Arabs have different priorities in online use

LONDON // Arab users of social media believe the networks can improve the quality of their lives, but they also distrust social media and believe it can harm local cultures and traditions. Those were the findings of a major qualitative study of social media usage in the Arab World, conducted by TNS, a unit of […]

LONDON // Arab users of social media believe the networks can improve the quality of their lives, but they also distrust social media and believe it can harm local cultures and traditions.

Those were the findings of a major qualitative study of social media usage in the Arab World, conducted by TNS, a unit of the advertising multinational WPP, last year. The study talked to more than 7,000 people spread across 18 countries, including the GCC, Yemen, the Levant and North Africa.

More than half the users in the Arab world use social media to connect with people. Gaining information, sharing photos, listening to music and watching videos was the second main reason for using social media.

The study found that Facebook and WhatsApp are the most used social media channels across the Arab world, while smart phones are the main way people access the networks.

Among the positive attributes identified by users was social media’s role as a source of knowledge and education, as well as a source of entertainment.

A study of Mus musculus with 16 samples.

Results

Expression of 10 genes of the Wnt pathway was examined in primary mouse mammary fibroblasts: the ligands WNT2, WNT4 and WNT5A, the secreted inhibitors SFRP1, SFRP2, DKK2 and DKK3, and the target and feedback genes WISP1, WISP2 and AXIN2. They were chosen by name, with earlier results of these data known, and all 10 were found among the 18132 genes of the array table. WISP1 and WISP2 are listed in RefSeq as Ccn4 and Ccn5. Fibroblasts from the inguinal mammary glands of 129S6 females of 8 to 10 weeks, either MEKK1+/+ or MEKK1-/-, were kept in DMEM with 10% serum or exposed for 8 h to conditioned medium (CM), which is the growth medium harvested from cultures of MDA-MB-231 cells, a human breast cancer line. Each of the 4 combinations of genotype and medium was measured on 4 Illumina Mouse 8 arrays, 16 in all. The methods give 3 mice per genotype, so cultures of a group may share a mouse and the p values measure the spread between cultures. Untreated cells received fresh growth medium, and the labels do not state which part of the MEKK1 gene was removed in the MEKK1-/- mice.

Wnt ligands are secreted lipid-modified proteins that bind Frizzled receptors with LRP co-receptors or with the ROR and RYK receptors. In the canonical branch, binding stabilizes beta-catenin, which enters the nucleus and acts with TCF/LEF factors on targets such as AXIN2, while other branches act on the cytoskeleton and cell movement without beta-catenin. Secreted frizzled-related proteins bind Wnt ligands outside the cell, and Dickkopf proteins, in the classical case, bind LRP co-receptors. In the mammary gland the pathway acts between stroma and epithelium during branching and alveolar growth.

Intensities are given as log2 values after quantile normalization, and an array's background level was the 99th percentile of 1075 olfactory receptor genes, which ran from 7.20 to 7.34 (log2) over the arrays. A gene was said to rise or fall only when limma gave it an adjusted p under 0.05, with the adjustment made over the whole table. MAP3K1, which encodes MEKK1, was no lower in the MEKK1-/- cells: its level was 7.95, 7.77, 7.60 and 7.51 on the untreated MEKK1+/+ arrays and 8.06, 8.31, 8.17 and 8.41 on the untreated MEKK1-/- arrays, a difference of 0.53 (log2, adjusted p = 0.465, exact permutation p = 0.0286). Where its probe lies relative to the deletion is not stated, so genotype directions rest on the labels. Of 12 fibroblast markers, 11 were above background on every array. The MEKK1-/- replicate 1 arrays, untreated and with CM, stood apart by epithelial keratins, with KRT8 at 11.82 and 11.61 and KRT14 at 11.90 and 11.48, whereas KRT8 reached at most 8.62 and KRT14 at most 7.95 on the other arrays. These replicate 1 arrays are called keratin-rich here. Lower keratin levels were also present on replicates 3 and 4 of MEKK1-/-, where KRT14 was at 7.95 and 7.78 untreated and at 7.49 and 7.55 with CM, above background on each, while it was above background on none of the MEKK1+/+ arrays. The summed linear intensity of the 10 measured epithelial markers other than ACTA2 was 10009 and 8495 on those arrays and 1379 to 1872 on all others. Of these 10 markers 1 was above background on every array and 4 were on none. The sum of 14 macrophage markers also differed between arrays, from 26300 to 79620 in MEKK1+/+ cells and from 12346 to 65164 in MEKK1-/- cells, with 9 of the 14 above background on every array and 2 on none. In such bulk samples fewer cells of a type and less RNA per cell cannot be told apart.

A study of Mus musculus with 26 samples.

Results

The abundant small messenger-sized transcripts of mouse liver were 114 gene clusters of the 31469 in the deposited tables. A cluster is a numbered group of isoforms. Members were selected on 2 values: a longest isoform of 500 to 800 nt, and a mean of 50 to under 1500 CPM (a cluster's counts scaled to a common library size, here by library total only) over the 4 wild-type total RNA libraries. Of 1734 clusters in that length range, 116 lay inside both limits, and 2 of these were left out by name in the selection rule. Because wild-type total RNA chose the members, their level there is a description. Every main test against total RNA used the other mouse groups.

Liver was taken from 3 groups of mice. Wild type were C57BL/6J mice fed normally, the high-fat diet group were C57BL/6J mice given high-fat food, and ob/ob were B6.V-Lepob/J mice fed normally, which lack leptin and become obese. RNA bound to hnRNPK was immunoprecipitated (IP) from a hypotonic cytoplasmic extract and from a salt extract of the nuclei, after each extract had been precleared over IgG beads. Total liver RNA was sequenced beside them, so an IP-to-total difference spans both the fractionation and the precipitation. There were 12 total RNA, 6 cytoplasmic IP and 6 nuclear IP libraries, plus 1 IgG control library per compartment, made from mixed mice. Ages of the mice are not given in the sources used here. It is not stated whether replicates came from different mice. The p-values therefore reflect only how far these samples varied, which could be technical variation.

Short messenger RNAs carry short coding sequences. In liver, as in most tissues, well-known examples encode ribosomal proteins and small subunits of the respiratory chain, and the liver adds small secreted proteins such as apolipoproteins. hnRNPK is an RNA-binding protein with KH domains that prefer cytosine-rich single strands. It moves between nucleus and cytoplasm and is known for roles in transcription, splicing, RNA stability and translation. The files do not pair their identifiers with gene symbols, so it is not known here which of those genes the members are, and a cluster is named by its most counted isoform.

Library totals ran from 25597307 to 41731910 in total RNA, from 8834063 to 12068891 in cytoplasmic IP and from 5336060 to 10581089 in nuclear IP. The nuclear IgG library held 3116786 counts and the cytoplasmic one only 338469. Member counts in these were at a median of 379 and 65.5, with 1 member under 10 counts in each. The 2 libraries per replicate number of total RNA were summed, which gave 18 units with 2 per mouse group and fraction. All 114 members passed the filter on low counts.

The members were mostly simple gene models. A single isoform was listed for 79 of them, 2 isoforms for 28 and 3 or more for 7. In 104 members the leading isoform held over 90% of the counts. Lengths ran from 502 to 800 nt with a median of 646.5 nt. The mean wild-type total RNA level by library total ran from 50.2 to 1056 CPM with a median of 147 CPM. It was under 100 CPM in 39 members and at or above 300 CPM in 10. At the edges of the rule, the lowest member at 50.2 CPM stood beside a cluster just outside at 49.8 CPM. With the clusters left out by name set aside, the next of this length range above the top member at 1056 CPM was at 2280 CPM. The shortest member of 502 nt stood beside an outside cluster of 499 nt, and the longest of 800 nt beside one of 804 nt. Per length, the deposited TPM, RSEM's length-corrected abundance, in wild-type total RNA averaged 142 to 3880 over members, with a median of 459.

However, the negative impacts cited by users of social media networks include: young people adopting western culture and straying from Arab culture; problems over privacy; inactivity and lethargy among screen-bound youngsters; and people becoming detached from real life and their real communities and relationships.

According to Damian Radcliffe, a professor at the University of Oregon who has studied social media and the Middle East for the past four years, the region is the fastest-growing consumer of videos on Facebook, with video watching in the region running at twice the global average.

“Whatever else happens in 2016, this will continue to be a region where the rise of social will continue to attract considerable interest, not least because of the digital, socio-economic and political implications, which these platforms can unlock,” he says in his fourth annual survey on social media in the region, published last week. “This is an area which does not stand still.”

Two social media networks took off in the region in 2015, WhatsApp and Instagram. According to data from Northwestern University in Qatar, WhatsApp is now the leading social media platform in Lebanon, Qatar, Saudi Arabia and the UAE.

WhatsApp was bought by Facebook in 2014 for US$19 billion.

Prof Radcliffe has also identified the rapid rise of Instagram, also owned by Facebook, in the region, which now has 25 million users in the Middle East.

Among Arab nationals, he says that Instagram use has “exploded” up from 6 per cent of internet users in 2013 to 28 per cent in 2015.

As networks gain more users who spend more time on the networks, inevitably brands will seek to follow that audience.

Globally digital spending is expected to account for half of the overall advertising pie within four years, according to the management consultant McKinsey.

Mobile phone-based advertising is predicted to grow at about twice the rate of non-mobile digital advertising through the end of the decade.